The Rules of the Prank-Call Game

OTTAWA - Until last week, Pierre Brassard was the world's most famous royal prankster, thanks to a 14-minute conversation he had with Queen Elizabeth back in 1995. But last Friday, while preparing to record his weekly news quiz radio program in a Montreal radio studio, Mr. Brassard learned about the death of Jacintha Saldanha, the nurse in Britain who accepted a call from an Australian broadcaster pretending to be the queen.

“We quickly changed the script of the show,” said Mr. Brassard, whose program “Pouvez-Vous Répéter la Question?” - something like NPR's “Wait Wait … Don't Tell Me!” - had included mention of the hospital prank. “This was no longer a joke. It's not a game anymore.”

Mr. Brassard, who now works for the government-owned Canadian Broadcasting Corporation, did prank calls for about two years as part of a comedy trio that hosted a daily show on CKOI, a private radio station in Montreal. “I'm happy not to do that stuff anymore,” he said. “But if I was doing that stuff today, I'd certainly step back from it now.”

While Mr. Brassard emphasized that it was impossible to predict Mrs. Saldanha's death, he faulted the Australian D.J.s for enmeshing noncelebrities in their prank call.

During his time as a prank caller, Mr. Brassard, who is widely known for his comedic impersonations, said that he focused on calls to those in the public eye. Brigitte Bardot and Pope John Paul II were also among the group's victims.

When a famous person could not be reached, Mr. Brassard said that the group never used anyone who was not at least an official representative. “People who were armed, people who were capable of answering questions, not ordinary people,” he said.

The one exception to that policy that he could recall involved a reversal of the usual prank formula. The group published a telephone number indicating that it offered free advice from astrologers. He and his partners then recorded the reaction of its callers to the spurious advice and forecasts they were offered.

Mr. Brassard said that his group's calls often involved extensive preparation, a month in the case of the pope, a week for the queen.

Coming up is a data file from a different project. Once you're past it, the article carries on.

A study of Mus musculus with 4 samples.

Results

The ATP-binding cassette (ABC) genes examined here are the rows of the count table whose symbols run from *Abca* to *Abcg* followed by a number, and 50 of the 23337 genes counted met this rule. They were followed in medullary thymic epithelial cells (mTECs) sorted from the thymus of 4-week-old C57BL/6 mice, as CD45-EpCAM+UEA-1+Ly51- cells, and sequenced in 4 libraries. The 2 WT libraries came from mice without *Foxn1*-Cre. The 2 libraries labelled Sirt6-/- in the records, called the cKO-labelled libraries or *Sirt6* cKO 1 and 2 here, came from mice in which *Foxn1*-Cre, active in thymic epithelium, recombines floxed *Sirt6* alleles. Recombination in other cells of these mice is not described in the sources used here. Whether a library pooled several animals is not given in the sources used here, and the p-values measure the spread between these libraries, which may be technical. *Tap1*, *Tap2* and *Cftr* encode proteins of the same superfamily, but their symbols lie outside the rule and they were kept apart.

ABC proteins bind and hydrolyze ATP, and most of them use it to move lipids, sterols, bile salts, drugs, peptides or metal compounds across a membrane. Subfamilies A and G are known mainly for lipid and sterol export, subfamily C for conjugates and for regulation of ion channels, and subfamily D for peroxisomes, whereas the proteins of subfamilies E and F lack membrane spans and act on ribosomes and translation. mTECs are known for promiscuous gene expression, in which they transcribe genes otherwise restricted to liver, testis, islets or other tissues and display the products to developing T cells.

Once their victims were on the phone, Mr. Brassard said that he avoided questions that would reveal personally embarrassing details or important government secrets or lead to news stories.

His conversation with the queen, however, seemed to at least skirt some of those self-imposed restrictions. It was conducted shortly before Quebecers were to vote in a refere ndum on whether to separate from Canada, and Mr. Brassard pretended to be Jean Chrétien, the prime minister at the time.

The fake Mr. Chrétien asked the queen, who is also Canada's symbolic head of state, if she would make a plea for Canadian unity on Canadian television, a strategy that most likely would have boosted the separatist cause.

After Mr. Brassard, as the prime minister, repeatedly pushed her for a commitment, the queen put down the phone and spoke openly with an aide. Jumping between French and English, Mr. Brassard parodied Mr. Chrétien's tendency to mangle both of Canada's official languages. At times, the conversation turned absurd, with Mr. Brassard asking the queen about her preparations for Halloween, a question that seemed to almost baffle her.

Mr. Brassard said that he suffered no consequences from the broadcast. While it aroused indignation in some British tabloids, a not particularly difficult achievement, the call was generally tak en with good humor in both Canada and Britain.

The Royal Canadian Mounted Police, however, did go to the radio station demanding a copy of the full recording of his call to the pope, in which Mr. Brassard again played the part of the prime minister. But he said that nothing ultimately came out of that action.

Whatever ultimately happens to the Australian radio pranksters, Mr. Brassard said that he hoped that Mrs. Saldanha's death would lead to “a time of reflection.” He then paused at the end of a telephone interview and asked, with a laugh: “This is not a prank, right?”